The Chron notes downtown’s continuing evolution.
Last week’s announcement of plans for a Nau Center for Texas Cultural Heritage marked the latest in a string of developments in the decades-long march in the evolution of about 50 square blocks west of U.S. 59. It started with lots of vacant land, added a convention center and in recent years sprouted a cluster of venues that has made it an unofficial district. Now, with the market improved and the city offering tax rebates to developers of condos, lofts and apartments, there is talk of something unthinkable a quarter century ago: a neighborhood.
“Ultimately, you need the 24-hour-a-day residents here,” said Bob Eury, executive director of the Downtown District, which marries public and private funds to fuel development. Those residents keep the restaurants and shops alive on the weekends when the conventioneers have gone home, Eury said.
“People walking on the streets, they’re walking their dogs, they’re living in the neighborhood. It makes (other) people feel more comfortable, and they come down. It’s a long-term work in progress,” said Ric Campo, chairman of Houston First Corp., the quasi-public agency that runs the city’s convention business. “Each piece of the puzzle adds to the fabric of the community. We’re getting to the point in the next five years where we’re going to have it. You’re going to start to see things down here that are amazing. People will go, ‘Wow! Have you been down there?’ ”
I can’t honestly say that I have associated the word “neighborhood” with downtown. Downtown does now have a lot of the things that neighborhoods have, but I’ve just never thought of it in those terms. Perhaps one reason why is discussed by a commenter on that story, as noted by Nancy Sarnoff.
The only people living in downtown have no children. People with children look at schools when they move.
I have always thought the best way to incentivize people to live downtown would be to build schools. If there was a good school downtown I think a lot of people would consider living there.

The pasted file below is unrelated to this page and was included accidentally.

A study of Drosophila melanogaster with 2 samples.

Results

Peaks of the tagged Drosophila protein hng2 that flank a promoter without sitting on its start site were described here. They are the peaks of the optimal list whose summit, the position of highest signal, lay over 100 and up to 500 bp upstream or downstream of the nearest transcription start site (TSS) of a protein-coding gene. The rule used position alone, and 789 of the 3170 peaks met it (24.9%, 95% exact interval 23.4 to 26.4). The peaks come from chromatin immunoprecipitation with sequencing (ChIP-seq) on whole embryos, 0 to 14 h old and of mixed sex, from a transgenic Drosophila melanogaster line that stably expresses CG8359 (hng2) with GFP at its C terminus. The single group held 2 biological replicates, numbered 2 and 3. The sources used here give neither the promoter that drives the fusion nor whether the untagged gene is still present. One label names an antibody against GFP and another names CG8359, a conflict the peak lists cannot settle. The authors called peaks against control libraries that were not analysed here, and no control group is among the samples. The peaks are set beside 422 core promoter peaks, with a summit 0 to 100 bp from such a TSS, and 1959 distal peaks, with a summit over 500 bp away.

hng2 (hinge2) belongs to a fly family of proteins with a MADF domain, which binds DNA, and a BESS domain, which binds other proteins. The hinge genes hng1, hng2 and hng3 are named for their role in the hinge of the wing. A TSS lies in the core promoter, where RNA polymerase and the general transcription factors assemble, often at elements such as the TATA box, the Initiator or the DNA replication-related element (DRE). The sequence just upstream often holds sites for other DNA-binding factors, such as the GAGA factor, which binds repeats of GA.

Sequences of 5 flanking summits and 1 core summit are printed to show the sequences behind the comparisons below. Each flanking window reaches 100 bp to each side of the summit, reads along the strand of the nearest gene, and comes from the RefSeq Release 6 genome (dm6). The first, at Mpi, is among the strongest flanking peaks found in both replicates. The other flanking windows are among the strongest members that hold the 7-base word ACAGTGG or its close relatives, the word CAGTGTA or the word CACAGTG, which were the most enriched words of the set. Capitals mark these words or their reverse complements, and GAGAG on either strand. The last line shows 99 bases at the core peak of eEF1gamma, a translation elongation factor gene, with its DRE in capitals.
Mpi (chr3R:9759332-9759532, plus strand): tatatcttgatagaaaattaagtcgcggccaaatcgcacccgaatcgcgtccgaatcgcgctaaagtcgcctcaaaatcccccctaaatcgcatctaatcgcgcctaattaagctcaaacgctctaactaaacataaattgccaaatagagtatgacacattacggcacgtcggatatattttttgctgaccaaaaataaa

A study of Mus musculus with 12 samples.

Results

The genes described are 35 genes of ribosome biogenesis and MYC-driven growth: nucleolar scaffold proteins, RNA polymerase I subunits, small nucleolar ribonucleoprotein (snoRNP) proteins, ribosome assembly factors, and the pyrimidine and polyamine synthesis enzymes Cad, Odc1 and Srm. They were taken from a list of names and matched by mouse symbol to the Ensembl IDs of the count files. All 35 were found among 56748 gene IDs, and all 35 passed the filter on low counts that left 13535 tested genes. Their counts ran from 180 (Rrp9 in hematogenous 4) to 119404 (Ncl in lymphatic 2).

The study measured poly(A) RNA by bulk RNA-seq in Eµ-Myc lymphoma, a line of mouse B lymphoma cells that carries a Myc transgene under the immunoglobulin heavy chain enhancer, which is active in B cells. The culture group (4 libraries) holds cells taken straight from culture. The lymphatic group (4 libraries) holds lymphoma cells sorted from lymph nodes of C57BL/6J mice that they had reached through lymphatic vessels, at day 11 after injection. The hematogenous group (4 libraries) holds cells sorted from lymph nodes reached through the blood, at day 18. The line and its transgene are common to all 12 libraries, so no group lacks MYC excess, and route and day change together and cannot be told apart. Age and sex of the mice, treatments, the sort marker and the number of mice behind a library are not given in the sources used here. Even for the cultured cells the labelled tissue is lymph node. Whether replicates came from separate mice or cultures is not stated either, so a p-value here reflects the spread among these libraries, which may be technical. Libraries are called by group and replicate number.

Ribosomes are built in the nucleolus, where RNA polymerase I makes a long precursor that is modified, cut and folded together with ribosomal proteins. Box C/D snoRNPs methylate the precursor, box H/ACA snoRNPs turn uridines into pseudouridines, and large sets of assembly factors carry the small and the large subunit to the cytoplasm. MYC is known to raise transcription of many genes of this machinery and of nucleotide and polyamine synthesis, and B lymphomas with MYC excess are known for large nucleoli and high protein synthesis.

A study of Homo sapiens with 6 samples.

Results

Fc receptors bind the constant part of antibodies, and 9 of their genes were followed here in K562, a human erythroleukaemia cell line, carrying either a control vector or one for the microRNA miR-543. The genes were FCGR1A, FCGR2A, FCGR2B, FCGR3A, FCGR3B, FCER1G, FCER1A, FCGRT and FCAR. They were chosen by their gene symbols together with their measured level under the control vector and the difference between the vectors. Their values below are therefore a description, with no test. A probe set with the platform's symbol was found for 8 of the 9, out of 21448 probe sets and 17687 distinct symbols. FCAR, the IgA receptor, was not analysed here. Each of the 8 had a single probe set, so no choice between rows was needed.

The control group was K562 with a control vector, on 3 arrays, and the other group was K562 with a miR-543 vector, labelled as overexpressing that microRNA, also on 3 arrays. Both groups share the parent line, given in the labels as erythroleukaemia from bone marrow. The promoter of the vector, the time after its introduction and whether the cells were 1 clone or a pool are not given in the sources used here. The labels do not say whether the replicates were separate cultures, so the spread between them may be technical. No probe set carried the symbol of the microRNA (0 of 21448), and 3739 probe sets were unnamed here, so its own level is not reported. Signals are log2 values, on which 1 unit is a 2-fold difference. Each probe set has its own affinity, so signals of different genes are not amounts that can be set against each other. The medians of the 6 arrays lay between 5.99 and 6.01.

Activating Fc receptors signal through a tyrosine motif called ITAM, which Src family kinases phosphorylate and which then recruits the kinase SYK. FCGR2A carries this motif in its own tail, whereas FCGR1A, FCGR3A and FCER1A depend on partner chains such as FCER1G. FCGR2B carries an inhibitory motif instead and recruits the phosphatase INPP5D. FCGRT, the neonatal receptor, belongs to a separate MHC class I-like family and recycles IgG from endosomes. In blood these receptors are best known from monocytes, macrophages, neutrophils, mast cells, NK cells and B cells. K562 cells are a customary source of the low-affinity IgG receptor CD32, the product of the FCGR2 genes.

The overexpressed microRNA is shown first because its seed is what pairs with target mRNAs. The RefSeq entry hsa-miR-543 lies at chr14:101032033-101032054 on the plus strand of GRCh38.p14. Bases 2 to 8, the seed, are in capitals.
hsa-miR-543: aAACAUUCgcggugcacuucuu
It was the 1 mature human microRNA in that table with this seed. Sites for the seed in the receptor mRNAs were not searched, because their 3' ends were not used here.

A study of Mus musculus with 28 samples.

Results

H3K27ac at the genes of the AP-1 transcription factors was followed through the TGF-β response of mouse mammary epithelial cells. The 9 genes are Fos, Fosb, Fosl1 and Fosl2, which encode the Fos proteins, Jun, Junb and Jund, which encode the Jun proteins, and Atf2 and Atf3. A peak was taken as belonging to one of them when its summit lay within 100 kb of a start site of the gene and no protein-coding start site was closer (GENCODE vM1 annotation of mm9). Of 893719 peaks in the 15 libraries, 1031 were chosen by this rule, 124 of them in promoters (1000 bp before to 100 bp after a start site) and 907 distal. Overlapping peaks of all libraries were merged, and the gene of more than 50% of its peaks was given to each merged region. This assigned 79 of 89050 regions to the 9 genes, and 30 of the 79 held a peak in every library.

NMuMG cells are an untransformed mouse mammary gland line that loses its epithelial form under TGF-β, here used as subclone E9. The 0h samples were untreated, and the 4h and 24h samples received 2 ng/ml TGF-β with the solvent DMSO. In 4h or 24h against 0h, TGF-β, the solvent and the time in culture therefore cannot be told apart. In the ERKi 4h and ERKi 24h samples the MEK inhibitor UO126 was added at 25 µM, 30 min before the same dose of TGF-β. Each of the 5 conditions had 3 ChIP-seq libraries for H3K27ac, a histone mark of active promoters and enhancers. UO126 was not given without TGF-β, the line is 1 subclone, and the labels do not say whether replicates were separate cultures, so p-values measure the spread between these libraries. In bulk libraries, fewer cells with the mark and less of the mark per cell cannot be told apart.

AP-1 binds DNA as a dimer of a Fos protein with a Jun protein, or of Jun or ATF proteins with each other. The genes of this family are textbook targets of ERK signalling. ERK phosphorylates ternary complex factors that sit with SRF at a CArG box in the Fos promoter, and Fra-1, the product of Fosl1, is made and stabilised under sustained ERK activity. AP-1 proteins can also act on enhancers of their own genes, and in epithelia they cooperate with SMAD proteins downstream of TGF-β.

I have always thought the Downtown District is completely missing this. A partnership with the city, HISD, the downtown district, and local business people could work to create a model school that could stimulate a population growth downtown, resulting in increased density, lower infrastructure costs, less congestion on freeways without building more lanes, and a thriving local business community downtown serving the permanent residents. The end result is that we could have a downtown with a real 24 hour a day local community.
That got me curious, so I visited the HISD web page and searched for schools. A look at the Elementary Schools Attendance Zones map informed me that there is one HISD elementary school within the confines of downtown, the Young Scholars Academy For Excellence. Other nearby options include BK Bruce, a music magnet school; Crockett Elementary, which is an HISD internal charter; Gregory-Lincoln, a Pre-K to 8 fine arts magnet school; and The Rusk School, a K-8 science, math, and technology school. Walking to school isn’t likely to be an option, but still, not a bad set of possibilities.
It gets a little thinner when you look at middle schools, though as noted Gregory-Lincoln and Rusk go through grade 8, and high schools, though that’s true pretty much everywhere. Actually, there are several high schools in the Third Ward, just south of downtown, and HSPVA is on its way to downtown. Perhaps the issue isn’t a lack of available schools, but a lack of information about what is available.